Luckily, people are starting to pay more attention to electoral reform. Unfortunately, the reform option that has gotten the most traction is Instant Runoff Voting, a subset of electoral systems known as Ranked Choice Voting. The logic behind it is seductively simple. You rank the candidates on your ballot, if your preferred candidate is eliminated as the person with the least amount of votes, your vote gets transferred to your next favorite candidate, and so on until someone wins a majority of the votes. While it would represent a marginal improvement over the current way of doing things, IRV is a seriously flawed electoral system. Resultantly, we should look elsewhere to one of the many other choices for electoral reform.
The primary reason why IRV is flawed is that it violates what’s known in social choice theory as the monotonicity criterion. Essentially, under IRV it is sometimes possible to make a candidate lose by ranking them higher up on your ballot or make someone win by ranking them lower.
A real world example of this occurred in the 2009 Burlington mayoral election, which was contested between three parties: the left-wing Vermont Progressives, the centrist Democrats, and the conservative Republicans. In the second round of this election after a minor candidate was eliminated, the Republican candidate got 37% of the active vote, the Progressive got 34%, and the Democrat got 29%. The Democrat was then eliminated, and because 63% of Democratic voters switched to the Progressive candidate, the Progressive won the election with 51% of the third round vote. However, if just a third of Republican voters (~13% of all voters) in the second round had voted for the Progressive instead, the Republican candidate would’ve been eliminated, but the Progressive would have ultimately lost the election to the Democrat. (I calculated from data here that 84.6% of GOP voters preferred the Democratic candidate to the Progressive.) So, Republican voters actually helped their least favorite candidate, the Progressive, win by ranking him last instead of first. To illustrate this more clearly, I’ve created a couple of Excel tables:
Crucially, simulations suggest that in competitive three-way instant runoff races, there is somewhere between a 15% and 51% chance of the monotonicity criterion being violated. As elections become more competitive, the likelihood of monotonicity failure increases. Since competitiveness is measured by the level of support for the third-place candidate, monotonicity failure doesn’t really affect elections with only two competitive candidates.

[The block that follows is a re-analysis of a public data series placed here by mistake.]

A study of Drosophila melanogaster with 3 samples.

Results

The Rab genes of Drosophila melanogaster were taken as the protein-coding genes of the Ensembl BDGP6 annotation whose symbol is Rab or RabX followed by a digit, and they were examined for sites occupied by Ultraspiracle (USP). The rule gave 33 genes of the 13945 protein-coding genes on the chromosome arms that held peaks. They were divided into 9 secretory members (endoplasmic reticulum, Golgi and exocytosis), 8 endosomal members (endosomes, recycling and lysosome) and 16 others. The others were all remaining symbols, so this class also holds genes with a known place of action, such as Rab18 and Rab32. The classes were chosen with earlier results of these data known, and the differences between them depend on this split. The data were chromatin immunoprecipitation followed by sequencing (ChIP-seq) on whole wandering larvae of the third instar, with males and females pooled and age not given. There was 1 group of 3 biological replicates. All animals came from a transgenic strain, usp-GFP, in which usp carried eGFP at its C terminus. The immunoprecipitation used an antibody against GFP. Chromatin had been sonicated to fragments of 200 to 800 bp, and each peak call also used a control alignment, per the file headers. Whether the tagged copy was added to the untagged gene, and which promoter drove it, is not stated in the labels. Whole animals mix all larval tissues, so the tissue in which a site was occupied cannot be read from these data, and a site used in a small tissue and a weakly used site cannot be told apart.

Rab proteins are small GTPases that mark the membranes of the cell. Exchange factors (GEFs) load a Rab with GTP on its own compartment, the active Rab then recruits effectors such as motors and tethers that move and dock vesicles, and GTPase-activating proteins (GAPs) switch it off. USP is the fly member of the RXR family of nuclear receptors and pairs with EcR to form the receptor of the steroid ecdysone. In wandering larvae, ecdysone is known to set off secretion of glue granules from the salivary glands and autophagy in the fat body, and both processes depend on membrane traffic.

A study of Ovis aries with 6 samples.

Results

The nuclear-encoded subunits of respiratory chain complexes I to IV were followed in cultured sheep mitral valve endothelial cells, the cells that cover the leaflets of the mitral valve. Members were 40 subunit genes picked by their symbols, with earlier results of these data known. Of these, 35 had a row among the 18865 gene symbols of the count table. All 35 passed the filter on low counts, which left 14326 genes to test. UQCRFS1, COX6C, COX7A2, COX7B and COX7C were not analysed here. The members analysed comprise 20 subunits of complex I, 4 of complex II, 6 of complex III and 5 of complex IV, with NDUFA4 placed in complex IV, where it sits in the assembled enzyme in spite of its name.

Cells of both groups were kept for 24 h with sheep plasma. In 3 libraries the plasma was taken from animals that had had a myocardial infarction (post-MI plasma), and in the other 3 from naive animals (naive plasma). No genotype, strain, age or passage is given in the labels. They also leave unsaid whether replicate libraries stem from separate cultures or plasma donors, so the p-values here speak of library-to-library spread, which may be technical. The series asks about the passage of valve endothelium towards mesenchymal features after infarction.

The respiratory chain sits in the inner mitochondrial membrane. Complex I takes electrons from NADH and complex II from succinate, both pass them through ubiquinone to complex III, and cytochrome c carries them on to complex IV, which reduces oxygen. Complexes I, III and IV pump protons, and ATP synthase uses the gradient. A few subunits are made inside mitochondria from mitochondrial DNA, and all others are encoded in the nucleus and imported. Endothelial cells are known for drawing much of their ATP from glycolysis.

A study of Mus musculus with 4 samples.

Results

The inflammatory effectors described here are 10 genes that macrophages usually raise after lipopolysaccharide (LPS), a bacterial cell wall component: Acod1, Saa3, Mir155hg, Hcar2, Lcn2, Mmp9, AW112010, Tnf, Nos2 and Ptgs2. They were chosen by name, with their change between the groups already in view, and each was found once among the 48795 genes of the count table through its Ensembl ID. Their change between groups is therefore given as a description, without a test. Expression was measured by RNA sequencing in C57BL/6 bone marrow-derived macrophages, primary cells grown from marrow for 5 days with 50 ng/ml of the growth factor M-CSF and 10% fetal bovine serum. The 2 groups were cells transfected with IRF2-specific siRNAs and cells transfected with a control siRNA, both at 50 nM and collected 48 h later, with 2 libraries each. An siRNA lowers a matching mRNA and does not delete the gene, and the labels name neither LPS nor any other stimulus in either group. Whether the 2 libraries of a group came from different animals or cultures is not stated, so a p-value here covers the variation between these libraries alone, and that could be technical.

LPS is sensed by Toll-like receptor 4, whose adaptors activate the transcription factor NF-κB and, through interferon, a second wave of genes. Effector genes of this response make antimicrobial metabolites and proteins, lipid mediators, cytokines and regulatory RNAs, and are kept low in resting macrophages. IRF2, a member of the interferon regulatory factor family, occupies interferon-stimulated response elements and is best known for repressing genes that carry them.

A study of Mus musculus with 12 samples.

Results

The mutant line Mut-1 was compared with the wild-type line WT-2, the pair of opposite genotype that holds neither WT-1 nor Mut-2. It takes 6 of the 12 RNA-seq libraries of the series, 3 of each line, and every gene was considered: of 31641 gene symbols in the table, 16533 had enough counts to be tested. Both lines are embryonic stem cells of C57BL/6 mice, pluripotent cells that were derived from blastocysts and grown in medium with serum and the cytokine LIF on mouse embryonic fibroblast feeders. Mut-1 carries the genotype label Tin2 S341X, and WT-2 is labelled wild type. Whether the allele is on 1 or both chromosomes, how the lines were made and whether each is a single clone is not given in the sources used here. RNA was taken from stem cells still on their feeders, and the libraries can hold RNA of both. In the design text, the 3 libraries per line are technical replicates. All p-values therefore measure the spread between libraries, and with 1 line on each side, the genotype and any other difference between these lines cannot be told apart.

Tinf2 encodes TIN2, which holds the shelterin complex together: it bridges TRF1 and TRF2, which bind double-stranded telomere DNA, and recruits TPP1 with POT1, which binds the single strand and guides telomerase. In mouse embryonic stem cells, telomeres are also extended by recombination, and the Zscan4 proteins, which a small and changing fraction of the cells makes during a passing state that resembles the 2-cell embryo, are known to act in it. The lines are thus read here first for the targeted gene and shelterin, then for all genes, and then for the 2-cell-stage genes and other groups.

If we did implement IRV, we would face two horns of a dilemma. Either the new system would be successful at tearing down the two party system, or it wouldn’t.
If America did become a multiparty democracy, then, with IRV, its elections would effectively turn into random winner generators, which is obviously undesirable. It simply makes no sense to have an electoral system based on ranking people in order of preference if you will often accidentally help candidates by ranking them lower on your ballot.
Meanwhile, if America remained a two-party duopoly, then, well, it would remain a two-party duopoly. American voters would be no less inclined to voting out of fear of the other candidate. So, both of the issues mentioned in the first paragraph would remain serious problems for American democracy.
Furthermore, we shouldn’t underestimate the possibility of America retaining its two party system under IRV. Australia is one of a small number of countries that use IRV for electing its legislators, and they have used it for over a hundred years. In the 2019 election for the House of Representatives, 96% of the seats were won by one of the two major parties there. In fact, the Great Depression was the only time period where the two-party seat share fell under 90% of the total seats. It has never fallen below 80%.
Now, if the second horn of the dilemma comes to fruition, this would be better than the status quo. Fringe candidates would no longer play spoiler to major party candidates; Al Gore probably would’ve beaten George Bush in Florida.
Due to their issues in 2009, the city of Burlington voted to get rid of IRV in 2010. America would do best not to waste its time further with this lousy system, and start exploring the many better options out there for breaking up its two-party duopoly.